I’m Mitchell Smolkin – a psychotherapist, author and speaker who promotes the idea of finding dignity in your suffering in order to become closer to others and yourself.

I have worked internationally with thousands of individuals, couples and families as well as organizations and businesses, bringing together the latest and most inspiring thinking from neuroscience and the philosophy of psychology in order to better understand how to work through blocks to embodied connection.

Prior to turning my attention to writing, public speaking and consultation, I built a successful international psychotherapy practice on two continents and was the managing director for a foundation as well as a senior producer at Canada’s largest performing arts centre in the heart of Toronto.

Presently, you’ll find me hosting my show, The Dignity of Suffering. I also speak at conferences and to organizations when I’m not writing, running, doing yoga or discovering the next craft beer.

My Story

I once sat in front of my grandfather with a map of Europe on the table. I asked him how he as a young man survived the second world war, how he traversed hundreds if not thousands of kilometers with the Red army, as the Nazis invaded his town and murdered his entire family. Did he go by train? Trucks? He looked at me and slapped his knee. “You walked?” I asked…he just nodded his head and looked down at the ground. Moments later, when I asked the names of his siblings and his parents who had perished, names that had never been spoken out loud in my lifetime, his lips began to tremble, we both started to lose consciousness, and then as if an elastic broke, the conversation was over; I knew that those memories and that pain were his to hold and his to protect.

I learned that day that each of us has a story and a unique way that we go into the world and ensure our survival. What others think about the decisions that we have to make or the reasons we got to where we are is less important than our own understanding of what made us who we are. The connection to our own personal narrative is paramount lest we attack the very foundations upon which our lives are built. Although I wanted nothing more than for my grandfather to be able to let me in that day and share with me his personal memories of the family he had lost, the gift he had given me was his ability to tolerate that anguish, build a family himself, and bear with dignity an incredible suffering that only he could know and decide to share.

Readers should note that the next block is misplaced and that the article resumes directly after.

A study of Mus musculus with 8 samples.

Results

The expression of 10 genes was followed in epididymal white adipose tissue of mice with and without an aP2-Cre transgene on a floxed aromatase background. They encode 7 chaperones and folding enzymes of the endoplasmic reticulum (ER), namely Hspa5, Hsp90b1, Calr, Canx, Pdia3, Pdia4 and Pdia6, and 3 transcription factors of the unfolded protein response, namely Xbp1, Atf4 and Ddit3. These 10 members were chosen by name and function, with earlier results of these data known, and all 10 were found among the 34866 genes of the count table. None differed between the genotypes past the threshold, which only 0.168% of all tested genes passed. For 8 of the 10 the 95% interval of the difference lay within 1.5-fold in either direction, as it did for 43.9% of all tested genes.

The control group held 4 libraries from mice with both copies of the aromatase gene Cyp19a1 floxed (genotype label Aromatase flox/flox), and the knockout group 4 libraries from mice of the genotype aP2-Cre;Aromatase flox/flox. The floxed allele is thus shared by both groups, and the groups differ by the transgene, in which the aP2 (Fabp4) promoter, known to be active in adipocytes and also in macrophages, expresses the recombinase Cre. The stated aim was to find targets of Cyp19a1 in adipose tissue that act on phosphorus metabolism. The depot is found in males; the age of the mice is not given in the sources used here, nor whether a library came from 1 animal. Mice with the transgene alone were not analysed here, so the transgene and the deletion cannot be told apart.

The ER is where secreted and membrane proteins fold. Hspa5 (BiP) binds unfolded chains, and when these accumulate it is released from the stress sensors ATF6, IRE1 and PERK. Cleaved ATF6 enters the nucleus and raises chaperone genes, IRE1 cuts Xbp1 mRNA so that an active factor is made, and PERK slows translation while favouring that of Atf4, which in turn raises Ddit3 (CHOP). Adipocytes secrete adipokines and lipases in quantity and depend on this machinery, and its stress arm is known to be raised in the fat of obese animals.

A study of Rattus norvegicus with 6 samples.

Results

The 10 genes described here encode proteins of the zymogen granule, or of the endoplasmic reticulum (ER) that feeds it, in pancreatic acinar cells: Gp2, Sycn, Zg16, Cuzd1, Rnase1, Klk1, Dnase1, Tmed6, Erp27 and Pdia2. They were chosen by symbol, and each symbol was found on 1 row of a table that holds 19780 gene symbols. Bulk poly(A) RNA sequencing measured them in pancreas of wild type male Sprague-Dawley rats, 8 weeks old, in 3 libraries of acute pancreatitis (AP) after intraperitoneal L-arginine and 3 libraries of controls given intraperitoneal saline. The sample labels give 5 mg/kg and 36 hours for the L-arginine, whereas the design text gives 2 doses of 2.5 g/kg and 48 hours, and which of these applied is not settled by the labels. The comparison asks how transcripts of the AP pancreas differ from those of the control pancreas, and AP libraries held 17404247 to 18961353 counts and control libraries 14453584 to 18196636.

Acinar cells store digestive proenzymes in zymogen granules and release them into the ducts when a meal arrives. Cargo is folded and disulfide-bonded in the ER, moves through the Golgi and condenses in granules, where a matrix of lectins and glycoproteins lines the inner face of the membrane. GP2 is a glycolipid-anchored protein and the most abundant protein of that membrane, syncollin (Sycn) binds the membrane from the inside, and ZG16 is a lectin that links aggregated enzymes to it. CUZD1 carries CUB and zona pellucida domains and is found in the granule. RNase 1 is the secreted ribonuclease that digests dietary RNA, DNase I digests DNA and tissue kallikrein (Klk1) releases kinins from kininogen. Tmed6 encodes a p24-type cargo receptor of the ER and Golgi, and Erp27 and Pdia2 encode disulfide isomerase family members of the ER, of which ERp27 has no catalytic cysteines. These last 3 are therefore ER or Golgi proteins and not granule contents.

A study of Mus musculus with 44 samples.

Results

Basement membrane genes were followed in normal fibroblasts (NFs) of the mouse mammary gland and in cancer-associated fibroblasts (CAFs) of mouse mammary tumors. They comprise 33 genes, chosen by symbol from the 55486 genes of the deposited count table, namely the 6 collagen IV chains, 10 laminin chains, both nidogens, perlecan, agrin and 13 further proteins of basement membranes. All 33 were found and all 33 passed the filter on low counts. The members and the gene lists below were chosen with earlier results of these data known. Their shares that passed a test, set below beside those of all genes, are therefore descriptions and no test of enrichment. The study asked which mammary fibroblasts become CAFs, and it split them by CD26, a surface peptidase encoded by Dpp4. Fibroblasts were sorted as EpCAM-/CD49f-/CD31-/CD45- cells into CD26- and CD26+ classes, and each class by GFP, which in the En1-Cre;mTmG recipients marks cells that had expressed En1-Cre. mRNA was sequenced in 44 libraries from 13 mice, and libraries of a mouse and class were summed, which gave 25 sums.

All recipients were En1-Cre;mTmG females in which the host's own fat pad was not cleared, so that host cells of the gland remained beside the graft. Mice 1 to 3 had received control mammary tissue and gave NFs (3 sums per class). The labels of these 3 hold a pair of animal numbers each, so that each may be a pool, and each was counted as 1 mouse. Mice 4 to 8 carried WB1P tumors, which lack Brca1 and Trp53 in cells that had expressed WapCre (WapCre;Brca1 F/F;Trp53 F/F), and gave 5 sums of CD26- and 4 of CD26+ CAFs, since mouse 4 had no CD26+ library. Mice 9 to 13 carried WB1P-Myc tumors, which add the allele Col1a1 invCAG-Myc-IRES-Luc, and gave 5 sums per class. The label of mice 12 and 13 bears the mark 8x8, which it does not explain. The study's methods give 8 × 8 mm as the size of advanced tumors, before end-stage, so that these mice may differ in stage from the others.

At the same time, it became clear to me that it was vitally important that I help put language to that loss, that the process of investigating and finding the poetry for our suffering matters a great deal to human development, that our ability to free ourselves from the bondage of what cannot be spoken is a worthwhile and fruitful pursuit.

His strength to bear the unbearable continues to fuel my passion to meet others in their grief and to keep exploring our shared inheritance of memory, loss and of meeting our human experience with curiosity and compassion.

This is why I became a psychotherapist, this is why I started the Dignity of Suffering Podcast, and this is why you are reading this today.

I have discovered the simple truth that where we break is where others are let in. This is no easy task and one always must learn it over and over again, but it is the key to intimacy and it is the key to finding dignity in our suffering.

Join me on this ride as we empower each other to be braver, more open and willing to touch the edges of what we do not know, for it is in that capacity that we grow, learn and change.